On this day in economic and business history…
An eight-decade stretch of American finance without central-banking oversight began on Sept. 10, 1833, when President Andrew Jackson withdrew the federal government’s funds and support from the Second Bank of the United States.
The young nation had operated a central bank since 1791, with a six-year break from 1811 to 1817. Both the First and the Second Banks of the United States fell under near-constant scrutiny and criticism from small-government and antibanking politicians. None were fiercer than Andrew Jackson, whose hatred of high finance began early in his landowning career. Despite rising to a position of great wealth and privilege, Jackson considered himself a man of the people, and he saw the American people as heirs to an “agricultural republic.”
In Jackson’s mind, the central bank undermined the strength of that republic by concentrating financial power in only a few hands. These elites, according to Jackson, would then abuse that power to enrich their allies, undermine the government’s authority, and align American interests with the industrializing Northeast, rather than Jackson’s favored Southern farmers. All of these arguments have some truth to them, to be sure.
Jackson’s presidential campaign exploited deep grievances that many Americans harbored over the Panic of 1819, which was easy to blame on the Second Bank because of its central role in first creating rampant inflation and then excessively tightening lending standards when it became unable to redeem its notes for gold and silver. Once elected to the presidency in 1828 with a populist message touting limited government, Jackson quickly set about the task of dismantling the Second Bank. This political fight would rage throughout Jackson’s first term and would come to be known as the “Bank War.”
The Bank War culminated in 1832, shortly before the onset of Jackson’s re-election campaign, with a presidential veto of the hard-won Senate reauthorization of the Second Bank’s charter. Jackson’s message accompanying the veto became one of the most notable political documents in American history. Here is a brief snippet (click here to read the full text in a new window):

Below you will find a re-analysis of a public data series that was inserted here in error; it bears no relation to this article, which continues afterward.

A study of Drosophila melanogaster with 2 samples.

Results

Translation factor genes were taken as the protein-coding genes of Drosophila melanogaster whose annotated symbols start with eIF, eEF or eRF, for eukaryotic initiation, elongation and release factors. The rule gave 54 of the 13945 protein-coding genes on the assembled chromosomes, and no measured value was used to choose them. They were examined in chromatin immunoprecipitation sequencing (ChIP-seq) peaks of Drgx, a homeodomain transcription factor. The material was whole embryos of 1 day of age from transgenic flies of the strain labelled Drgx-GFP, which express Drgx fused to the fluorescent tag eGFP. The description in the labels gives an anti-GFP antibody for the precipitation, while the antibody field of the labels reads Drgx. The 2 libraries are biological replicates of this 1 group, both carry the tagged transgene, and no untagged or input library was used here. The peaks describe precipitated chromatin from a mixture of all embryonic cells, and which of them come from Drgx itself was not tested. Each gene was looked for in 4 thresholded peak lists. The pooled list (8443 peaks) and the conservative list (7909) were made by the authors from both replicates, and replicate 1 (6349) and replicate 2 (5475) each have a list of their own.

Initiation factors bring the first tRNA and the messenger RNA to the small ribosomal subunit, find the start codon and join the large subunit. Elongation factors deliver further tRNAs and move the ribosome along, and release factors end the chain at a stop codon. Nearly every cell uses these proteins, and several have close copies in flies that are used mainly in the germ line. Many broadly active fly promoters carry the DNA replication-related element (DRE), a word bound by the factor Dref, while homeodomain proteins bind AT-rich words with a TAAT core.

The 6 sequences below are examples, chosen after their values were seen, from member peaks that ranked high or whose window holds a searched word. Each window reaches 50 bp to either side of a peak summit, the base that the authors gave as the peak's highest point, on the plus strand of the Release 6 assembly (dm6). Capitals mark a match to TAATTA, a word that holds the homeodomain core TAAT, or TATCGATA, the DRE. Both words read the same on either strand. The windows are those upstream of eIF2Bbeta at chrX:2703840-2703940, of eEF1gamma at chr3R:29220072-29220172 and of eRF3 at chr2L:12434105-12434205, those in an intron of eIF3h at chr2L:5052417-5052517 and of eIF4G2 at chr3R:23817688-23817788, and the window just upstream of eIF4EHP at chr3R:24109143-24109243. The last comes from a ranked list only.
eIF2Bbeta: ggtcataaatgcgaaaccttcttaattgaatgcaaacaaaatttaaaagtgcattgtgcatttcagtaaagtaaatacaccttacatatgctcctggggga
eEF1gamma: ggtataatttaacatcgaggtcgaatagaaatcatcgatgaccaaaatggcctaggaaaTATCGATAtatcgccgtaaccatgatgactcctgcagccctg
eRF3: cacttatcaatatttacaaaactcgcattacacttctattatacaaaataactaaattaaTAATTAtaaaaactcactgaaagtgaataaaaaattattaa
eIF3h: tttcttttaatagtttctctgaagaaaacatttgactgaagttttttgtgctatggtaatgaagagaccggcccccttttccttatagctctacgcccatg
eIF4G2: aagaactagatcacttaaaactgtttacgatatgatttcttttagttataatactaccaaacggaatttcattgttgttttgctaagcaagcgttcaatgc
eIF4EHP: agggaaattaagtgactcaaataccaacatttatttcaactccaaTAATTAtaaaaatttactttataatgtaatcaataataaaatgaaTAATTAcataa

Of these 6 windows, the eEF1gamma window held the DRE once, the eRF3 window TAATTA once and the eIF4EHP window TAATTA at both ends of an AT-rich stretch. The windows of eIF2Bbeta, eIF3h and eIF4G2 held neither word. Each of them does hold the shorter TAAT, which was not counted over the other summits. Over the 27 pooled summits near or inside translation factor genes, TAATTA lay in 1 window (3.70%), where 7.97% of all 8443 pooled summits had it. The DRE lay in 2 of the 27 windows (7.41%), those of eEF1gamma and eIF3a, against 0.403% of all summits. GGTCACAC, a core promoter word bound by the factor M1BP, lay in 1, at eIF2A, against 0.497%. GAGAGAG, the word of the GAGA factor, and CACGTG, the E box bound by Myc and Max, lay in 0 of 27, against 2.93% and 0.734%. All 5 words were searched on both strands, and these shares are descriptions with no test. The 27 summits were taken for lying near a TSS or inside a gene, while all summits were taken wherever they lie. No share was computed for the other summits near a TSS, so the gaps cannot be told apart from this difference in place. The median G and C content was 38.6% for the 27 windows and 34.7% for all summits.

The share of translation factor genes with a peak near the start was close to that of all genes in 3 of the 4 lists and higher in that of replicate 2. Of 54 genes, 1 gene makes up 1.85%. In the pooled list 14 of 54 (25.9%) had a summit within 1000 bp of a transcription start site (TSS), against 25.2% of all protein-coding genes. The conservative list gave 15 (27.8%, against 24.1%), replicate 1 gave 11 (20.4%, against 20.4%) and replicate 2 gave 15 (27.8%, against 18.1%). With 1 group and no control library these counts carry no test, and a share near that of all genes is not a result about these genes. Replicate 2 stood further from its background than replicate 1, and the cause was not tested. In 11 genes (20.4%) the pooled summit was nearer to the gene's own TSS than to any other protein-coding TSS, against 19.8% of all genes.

The bank is professedly established as an agent of the executive branch of the Government, and its constitutionality is maintained on that ground. Neither upon the propriety of present action nor upon the provisions of this act was the Executive consulted. It has had no opportunity to say that it neither needs nor wants an agent clothed with such powers and favored by such exemptions. There is nothing in its legitimate functions which makes it necessary or proper. Whatever interest or influence, whether public or private, has given birth to this act, it cannot be found either in the wishes or necessities of the executive department, by which present action is deemed premature, and the powers conferred upon its agent not only unnecessary, but dangerous to the Government and country.
It is to be regretted that the rich and powerful too often bend the acts of government to their selfish purposes. Distinctions in society will always exist under every just government. Equality of talents, of education, or of wealth cannot be produced by human institutions. In the full enjoyment of the gifts of Heaven and the fruits of superior industry, economy, and virtue, every man is equally entitled to protection by law; but when the laws undertake to add to these natural and just advantages artificial distinctions, to grant titles, gratuities, and exclusive privileges, to make the rich richer and the potent more powerful, the humble members of society — the farmers, mechanics, and laborers — who have neither the time nor the means of securing like favors to themselves, have a right to complain of the injustice of their Government. There are no necessary evils in government. Its evils exist only in its abuses. If it would confine itself to equal protection, and, as Heaven does its rains, shower its favors alike on the high and the low, the rich and the poor, it would be an unqualified blessing. In the act before me there seems to be a wide and unnecessary departure from these just principles.
Jackson’s veto held despite fierce opposition in the Senate, and Second Bank director Nicholas Biddle mustered all his political energies to defeat the president. Senator Henry Clay, who had led the fight for rechartering, became Biddle’s probank candidate. Clay was soundly defeated in the 1832 campaign, and Jackson interpreted his dominant victory as a mandate to end America’s central banking regime before the Second Bank’s charter would expire in 1836.